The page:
Late Abubakar Audu

Late Abubakar Audu

The Senate yesterday removed the controversy surrounding who succeeds a governorship or presidential candidate who dies before the announcement of the result of an election.

The new bill provides for the conduct of a fresh primary within 14 days to choose a new candidate.The bill, which is the sixth amendment to the 2010 Electoral Act, also provides that the Independent National Electoral Commission (INEC) shall suspend the conduct of a new election for 21 days when the death of a candidate is recorded after the commencement of an election and before the announcement of result.

This is coming a year after the sudden death of the governorship candidate of the All Progressives Congress (APC), Abubakar Audu, at the November 21, 2015 governorship election in Kogi State before the announcement of the election result.

The situation generated a case, which was contested to the Supreme Court, as his running mate, James Faleke, believed he must automatically inherit the votes of the deceased candidate. But he lost the case from the lower court to the apex court.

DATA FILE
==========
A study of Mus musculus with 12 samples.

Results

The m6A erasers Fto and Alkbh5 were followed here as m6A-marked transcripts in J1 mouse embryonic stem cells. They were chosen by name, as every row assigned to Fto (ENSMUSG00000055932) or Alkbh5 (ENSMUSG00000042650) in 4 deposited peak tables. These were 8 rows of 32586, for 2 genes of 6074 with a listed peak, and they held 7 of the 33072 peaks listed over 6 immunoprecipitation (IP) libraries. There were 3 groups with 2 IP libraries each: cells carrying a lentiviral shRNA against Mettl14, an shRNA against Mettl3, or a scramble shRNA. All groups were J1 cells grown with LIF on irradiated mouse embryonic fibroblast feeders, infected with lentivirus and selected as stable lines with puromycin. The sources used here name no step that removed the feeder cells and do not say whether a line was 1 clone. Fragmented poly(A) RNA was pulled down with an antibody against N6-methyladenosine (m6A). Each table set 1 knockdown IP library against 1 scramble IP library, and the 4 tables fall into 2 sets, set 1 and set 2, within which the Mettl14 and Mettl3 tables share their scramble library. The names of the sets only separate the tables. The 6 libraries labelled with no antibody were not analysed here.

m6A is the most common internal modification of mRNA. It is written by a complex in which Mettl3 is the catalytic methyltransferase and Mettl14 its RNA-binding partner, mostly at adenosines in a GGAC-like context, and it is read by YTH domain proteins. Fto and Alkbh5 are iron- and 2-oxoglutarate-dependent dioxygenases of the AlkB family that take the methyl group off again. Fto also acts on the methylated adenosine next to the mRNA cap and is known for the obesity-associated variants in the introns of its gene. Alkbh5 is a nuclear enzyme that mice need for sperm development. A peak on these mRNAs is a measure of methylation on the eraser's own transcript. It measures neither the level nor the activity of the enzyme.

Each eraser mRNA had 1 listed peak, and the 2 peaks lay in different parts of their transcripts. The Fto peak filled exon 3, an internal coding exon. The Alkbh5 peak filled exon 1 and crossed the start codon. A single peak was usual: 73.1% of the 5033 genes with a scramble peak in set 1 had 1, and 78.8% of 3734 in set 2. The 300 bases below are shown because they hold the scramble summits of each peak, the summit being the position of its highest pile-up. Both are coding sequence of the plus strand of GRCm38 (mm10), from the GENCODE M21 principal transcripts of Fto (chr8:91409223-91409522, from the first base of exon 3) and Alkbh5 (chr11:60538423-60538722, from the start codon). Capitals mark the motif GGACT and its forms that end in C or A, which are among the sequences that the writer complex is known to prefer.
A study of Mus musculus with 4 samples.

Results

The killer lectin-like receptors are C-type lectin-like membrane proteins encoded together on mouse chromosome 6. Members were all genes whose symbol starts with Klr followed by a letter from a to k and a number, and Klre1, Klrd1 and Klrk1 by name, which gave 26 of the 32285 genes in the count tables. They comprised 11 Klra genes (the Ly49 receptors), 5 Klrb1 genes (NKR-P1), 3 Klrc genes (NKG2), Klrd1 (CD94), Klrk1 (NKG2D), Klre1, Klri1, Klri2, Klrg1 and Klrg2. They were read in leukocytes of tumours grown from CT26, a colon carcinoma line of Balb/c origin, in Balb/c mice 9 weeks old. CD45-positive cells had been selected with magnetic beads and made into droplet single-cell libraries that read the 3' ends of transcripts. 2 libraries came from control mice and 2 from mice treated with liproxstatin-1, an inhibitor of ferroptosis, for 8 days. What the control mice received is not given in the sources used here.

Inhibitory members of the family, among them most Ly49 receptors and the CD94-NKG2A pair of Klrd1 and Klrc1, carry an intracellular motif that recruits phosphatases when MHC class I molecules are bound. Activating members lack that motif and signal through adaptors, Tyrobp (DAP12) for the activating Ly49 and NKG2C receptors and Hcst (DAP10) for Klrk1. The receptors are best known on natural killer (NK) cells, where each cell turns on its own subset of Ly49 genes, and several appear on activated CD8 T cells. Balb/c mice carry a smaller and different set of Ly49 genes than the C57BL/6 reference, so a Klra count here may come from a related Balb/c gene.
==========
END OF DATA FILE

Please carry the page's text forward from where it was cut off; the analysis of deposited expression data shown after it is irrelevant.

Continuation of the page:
Against this background, a new Section 3 has been inserted into the new Electoral Act. The section provides that: “If after the commencement of poll and before the announcement of the final result and declaration of a winner, a nominated candidate dies, (a) the Commission shall, being satisfied of the fact of the death, suspend the election for a period not exceeding 21 days; (b) the political party whose candidate died may, if it intends to continue to participate in the election, conduct a fresh direct primary within 14 days of the death of its candidate and submit a new candidate to the Commission to replace the dead candidate; and (c) subject to paragraphs (a) and (b) of this subsection, the Commission shall continue with the election, announce the final result and declare a winner.”
The new bill also provides a legal backing for the use of manual voting in situations where card readers malfunction.

Whereas the manual option has always been adopted as an alternative to the malfunctioning of card readers, the new provision is meant to make the action legally valid.

Since the card reader is mainly needed for accreditation, the new amendment provides that once the presiding officer at the election is convinced that the intending voter is the owner of the voter card, he should go ahead to accredit him.